Champagne broken on wall as Harvey|Cameron and E2 get serious

Five years ago Gary Lee, the founder of E2 Digital, and Neil Cameron, the managing director of Christchurch advertising agency Harvey|Cameron, had lunch. And what they talked about at that lunch—joining forces to create a fully integrated communications company—physically came to fruition earlier this week. 

The companies had worked together regularly for years and Harvey|Cameron took a controlling interest in E2 over a year ago. But in that time they worked 300 metres apart in the central city, so the shift to near new offices in Merivale (Cameron calls its the Parnell of Christchurch) now means the 40 staff are finally together under the same roof. It has also absorbed another small agency (that Cameron won’t name) and their client list and also works with fully-accredited independent media company Immediate, which is run by Sue McCrea and operates independently.

After the closure of Saatchi Christchurch, Cameron and Iain Harvey wanted to stay in the city and saw a future for the business here. And 14 years later, after adopting the good bits of a global network operation and losing the parts that didn’t work in this market, he says they were right.

“The big head office overhead contribution is something we and our clients don’t miss.”

There’s plenty of talk about the ‘new agency model’ at present, especially after Droga5 arrived on the New Zealand scene. Cameron has been around for a while and is fairly cynical about all the discussion of new and different ways of doing business (as Trinity P3 ‘pitch doctor’ Darren Woolley says, just saying your different doesn’t actually make you different). And after just a few days in the new digs, he says being able to offer a fully-integrated service is pretty bloody exciting. Added to that, he believes having all the various experts around the same table, rather than gathering together a collection of ‘best in breed’ agencies, is not only more efficient, it’s also much  cheaper.

As far as larger clients splitting their work into projects, he says that may be happening more in Auckland, but it’s much more conservative in the South Island and “not quite as cut-throat”. And, as many of the clients are mid-sized, he says Harvey|Cameron’s integrated indie offering is better suited to their needs.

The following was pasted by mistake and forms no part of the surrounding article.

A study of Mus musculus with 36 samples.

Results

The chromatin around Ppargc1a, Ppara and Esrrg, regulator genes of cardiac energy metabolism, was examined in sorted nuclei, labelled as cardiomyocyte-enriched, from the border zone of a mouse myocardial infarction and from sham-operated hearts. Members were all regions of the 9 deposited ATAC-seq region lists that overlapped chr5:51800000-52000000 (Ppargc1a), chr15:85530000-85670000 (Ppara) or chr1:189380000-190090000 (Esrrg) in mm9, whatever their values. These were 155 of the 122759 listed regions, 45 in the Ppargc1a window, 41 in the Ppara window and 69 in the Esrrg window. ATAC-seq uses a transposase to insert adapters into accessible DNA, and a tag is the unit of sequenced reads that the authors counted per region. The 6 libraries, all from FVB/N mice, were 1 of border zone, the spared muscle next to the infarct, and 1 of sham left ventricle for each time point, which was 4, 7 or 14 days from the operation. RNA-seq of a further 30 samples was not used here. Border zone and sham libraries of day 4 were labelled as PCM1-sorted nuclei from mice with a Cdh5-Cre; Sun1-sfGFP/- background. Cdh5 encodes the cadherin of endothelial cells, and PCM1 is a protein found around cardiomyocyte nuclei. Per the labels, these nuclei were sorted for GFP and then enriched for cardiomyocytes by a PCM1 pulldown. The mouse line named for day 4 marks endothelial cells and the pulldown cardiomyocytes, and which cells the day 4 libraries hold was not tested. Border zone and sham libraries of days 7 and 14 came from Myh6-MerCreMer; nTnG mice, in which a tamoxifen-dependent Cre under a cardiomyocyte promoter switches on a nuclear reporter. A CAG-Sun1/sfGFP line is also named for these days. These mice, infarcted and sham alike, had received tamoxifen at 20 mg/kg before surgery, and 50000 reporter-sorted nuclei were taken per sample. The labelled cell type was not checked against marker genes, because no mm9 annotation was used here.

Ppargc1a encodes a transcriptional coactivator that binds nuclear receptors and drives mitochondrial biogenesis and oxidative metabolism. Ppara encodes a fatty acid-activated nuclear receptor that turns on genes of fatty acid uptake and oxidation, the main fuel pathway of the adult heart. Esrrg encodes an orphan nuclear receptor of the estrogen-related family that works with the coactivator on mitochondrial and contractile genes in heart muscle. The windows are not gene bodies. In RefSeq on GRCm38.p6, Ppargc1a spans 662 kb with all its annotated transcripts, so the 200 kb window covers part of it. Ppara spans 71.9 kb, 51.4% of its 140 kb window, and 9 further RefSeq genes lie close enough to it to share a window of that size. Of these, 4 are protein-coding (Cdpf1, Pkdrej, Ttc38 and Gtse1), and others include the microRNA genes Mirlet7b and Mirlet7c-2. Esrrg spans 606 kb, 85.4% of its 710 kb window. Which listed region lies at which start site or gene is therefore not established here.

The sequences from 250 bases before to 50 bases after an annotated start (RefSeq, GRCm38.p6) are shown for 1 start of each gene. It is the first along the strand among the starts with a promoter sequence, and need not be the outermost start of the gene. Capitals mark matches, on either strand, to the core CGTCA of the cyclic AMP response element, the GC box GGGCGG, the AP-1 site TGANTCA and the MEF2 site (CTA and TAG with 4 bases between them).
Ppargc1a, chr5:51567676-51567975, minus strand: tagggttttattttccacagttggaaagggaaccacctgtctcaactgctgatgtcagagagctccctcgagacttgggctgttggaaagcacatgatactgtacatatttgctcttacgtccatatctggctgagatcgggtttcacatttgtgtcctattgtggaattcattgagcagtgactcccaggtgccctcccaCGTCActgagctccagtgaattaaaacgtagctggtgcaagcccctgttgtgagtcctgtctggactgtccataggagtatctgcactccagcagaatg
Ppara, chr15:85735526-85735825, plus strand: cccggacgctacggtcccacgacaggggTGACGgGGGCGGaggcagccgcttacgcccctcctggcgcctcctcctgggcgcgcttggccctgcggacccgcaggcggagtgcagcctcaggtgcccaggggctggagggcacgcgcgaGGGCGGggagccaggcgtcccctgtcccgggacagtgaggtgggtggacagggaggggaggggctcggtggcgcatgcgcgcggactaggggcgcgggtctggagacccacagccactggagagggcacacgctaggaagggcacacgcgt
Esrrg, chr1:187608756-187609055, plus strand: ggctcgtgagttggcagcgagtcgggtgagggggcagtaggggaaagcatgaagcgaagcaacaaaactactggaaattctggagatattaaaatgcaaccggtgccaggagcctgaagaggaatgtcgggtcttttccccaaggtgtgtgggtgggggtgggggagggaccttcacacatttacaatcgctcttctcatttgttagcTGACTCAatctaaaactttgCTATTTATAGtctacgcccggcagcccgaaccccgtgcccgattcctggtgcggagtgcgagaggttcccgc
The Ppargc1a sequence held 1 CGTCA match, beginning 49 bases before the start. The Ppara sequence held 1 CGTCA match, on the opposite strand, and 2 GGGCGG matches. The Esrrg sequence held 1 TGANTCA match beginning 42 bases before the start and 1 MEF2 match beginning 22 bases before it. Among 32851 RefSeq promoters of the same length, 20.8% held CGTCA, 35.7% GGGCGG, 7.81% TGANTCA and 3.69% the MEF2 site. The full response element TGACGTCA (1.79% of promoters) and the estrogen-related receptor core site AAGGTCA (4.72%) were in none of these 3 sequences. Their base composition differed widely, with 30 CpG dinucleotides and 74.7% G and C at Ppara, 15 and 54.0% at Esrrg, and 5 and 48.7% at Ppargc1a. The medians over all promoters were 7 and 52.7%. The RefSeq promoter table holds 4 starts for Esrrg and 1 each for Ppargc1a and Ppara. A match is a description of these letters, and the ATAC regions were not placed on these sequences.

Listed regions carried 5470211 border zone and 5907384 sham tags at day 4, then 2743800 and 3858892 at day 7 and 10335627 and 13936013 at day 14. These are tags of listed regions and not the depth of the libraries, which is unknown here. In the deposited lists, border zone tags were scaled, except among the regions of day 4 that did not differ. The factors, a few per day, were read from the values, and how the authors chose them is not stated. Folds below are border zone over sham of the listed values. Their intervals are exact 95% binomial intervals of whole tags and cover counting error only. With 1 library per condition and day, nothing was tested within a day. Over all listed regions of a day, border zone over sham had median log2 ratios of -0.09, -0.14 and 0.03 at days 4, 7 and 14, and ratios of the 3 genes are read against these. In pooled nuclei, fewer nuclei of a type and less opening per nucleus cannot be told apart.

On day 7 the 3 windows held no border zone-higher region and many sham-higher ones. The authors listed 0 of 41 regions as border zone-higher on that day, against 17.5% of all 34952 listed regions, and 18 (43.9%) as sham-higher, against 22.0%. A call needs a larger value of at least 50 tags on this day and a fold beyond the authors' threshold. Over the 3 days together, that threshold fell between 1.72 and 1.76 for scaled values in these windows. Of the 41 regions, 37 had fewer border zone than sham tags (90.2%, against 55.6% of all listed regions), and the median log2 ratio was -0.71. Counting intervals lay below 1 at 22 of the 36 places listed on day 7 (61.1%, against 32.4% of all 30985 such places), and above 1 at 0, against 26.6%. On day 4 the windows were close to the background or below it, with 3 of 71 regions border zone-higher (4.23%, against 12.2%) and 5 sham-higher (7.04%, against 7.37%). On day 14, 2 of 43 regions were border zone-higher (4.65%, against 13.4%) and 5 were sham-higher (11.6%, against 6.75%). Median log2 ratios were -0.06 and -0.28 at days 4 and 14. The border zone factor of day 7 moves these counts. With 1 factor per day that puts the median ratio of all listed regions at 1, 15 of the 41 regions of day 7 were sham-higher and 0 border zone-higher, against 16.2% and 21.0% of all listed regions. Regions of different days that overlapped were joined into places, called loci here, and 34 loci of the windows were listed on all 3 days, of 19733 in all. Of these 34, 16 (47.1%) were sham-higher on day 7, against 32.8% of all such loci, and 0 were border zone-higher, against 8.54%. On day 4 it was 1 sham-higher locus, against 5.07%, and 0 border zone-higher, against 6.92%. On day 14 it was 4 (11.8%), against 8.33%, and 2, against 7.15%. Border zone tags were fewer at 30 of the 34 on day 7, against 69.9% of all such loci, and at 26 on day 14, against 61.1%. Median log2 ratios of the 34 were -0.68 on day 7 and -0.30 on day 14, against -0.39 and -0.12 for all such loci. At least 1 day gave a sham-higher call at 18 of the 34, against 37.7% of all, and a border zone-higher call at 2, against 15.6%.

“We have real grunt without the huge running costs of the networks. Many of our mid sized clients would find it hard to work long term in a big agency with the fees and charge-out rates.”

With current staff numbers, he believes it’s the South Island’s biggest advertising agency. But the definition of an advertising agency is changing, he says, which is why adding the digital skills to the offering is so crucial. For example, his first meeting this morning was with the e-commerce manager of Baby City, which Harvey Cameron does the traditional advertising for, and being able to offer clients both resources from one place is a huge benefit.

Despite losing the Jetstar account to Qantas’ agency M&C Saatchi in March this year, Cameron says it hasn’t really affected the company. In fact, with a range of new clients, he says it has grown by 20 percent in the last six months, something that was achieved “by working our freaking asses off”.

He says the vision of the company is to be able to offer a serious resource that can take care of the needs of local and international clients, like, for example, Minnesota based performance minerals company Zinpro, which has been on the books for 12 years (Harvey Cameron creates the marketing material for 20 countries). Sadly, to get to that point, Cameron says the supposedly relaxing southern lifestyle—and the two day weekend—had to go out the window during the Great Depression. But just like Warren Buffett, Cameron and the gang saw an opportunity to benefit. And while he says there’s still some way to go in terms of the financial side of things, he thinks the hard work during this time, as well as the recent acquisitions, new clients and a sparkly new office, puts it in a pretty good position.